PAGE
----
Wednesday, June 01, 2011
A 40-year old ex-musician, Roger Greenberg (Ben Stiller) from New York suffers a mental breakdown and is recuperating. While his brother Phil leaves for Vietnam on a holiday, Phil invites Roger to stay over at his place in LA. Roger, a carpenter now, is a moody man who can immerse himself with music. He even used to have a band but because he stuck to his principles of not wanting to yield control over his music, the band lost out on a record contract. The band members went their seperate ways and Roger became a carpenter. Greenberg begins with such promise, it is hard not to expect a peach of a movie.
Instead what we get is a half-baked character in Roger who at one hand is pretty comfortable with kissing his brother's assistant (Greta Gerwig) who he has hardly met and at the same time is asocial enough to not like attending parties or calling people on their birthdays. It is such inconsistency that runs through the movie so frequently that you should be forgiven for wanting to give up midway. Once the premise for the movie is set, you find yourself asking the question that inevitably sounds the death-knell of a memorable movie viewing experience - "Where is this going?"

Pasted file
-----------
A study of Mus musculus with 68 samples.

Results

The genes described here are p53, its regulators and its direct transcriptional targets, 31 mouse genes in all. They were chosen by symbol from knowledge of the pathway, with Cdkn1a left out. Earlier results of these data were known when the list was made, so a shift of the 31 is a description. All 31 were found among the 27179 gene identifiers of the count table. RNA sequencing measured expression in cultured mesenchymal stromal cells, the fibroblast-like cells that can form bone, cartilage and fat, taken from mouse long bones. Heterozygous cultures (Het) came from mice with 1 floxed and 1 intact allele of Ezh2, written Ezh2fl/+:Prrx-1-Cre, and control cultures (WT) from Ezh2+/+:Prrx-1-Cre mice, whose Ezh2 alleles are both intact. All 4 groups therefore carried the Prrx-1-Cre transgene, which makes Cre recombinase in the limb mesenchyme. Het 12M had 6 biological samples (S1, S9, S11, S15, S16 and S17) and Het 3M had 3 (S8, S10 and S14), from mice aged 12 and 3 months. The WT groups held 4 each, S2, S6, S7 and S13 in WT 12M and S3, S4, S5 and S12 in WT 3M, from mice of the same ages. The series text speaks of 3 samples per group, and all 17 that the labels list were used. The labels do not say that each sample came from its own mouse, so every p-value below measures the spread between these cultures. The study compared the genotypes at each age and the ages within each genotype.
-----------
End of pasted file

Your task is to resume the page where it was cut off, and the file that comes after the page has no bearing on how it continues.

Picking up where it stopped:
Ben Stiller plays Roger with an earnest streak but the character is too short of substance for Stiller to leave a mark. Greta Gerwig plays a girl who is just off a long relationship and is still scarred by the breakup. Rhys Ifans has a 10-year old kid and seems to be the one guy who is most comfortable with his present. Yet, the time he is around Roger, he is morose. It seems all the lead characters have a demon they're resisting from within but because the definition of the genesis of their struggles is kept vague, the redemption does little to lift your emotions.
Greenberg is the very kind of pain that some of the characters try to portray they're struggling with. It tries to do with a Sideways kind of treatment- the protagonist's past being made bare for the viewers through conversations in the present. It could've been a great move for Ben Stiller to come up trumps in the role of Roger Greenberg in a movie like this- a story that veered towards a drama instead of a comedy. Instead, it turned out to be the kind of movie, that even at a reasonable 107 minutes, becomes a trying experience, watchable only if you're a Stiller devotee.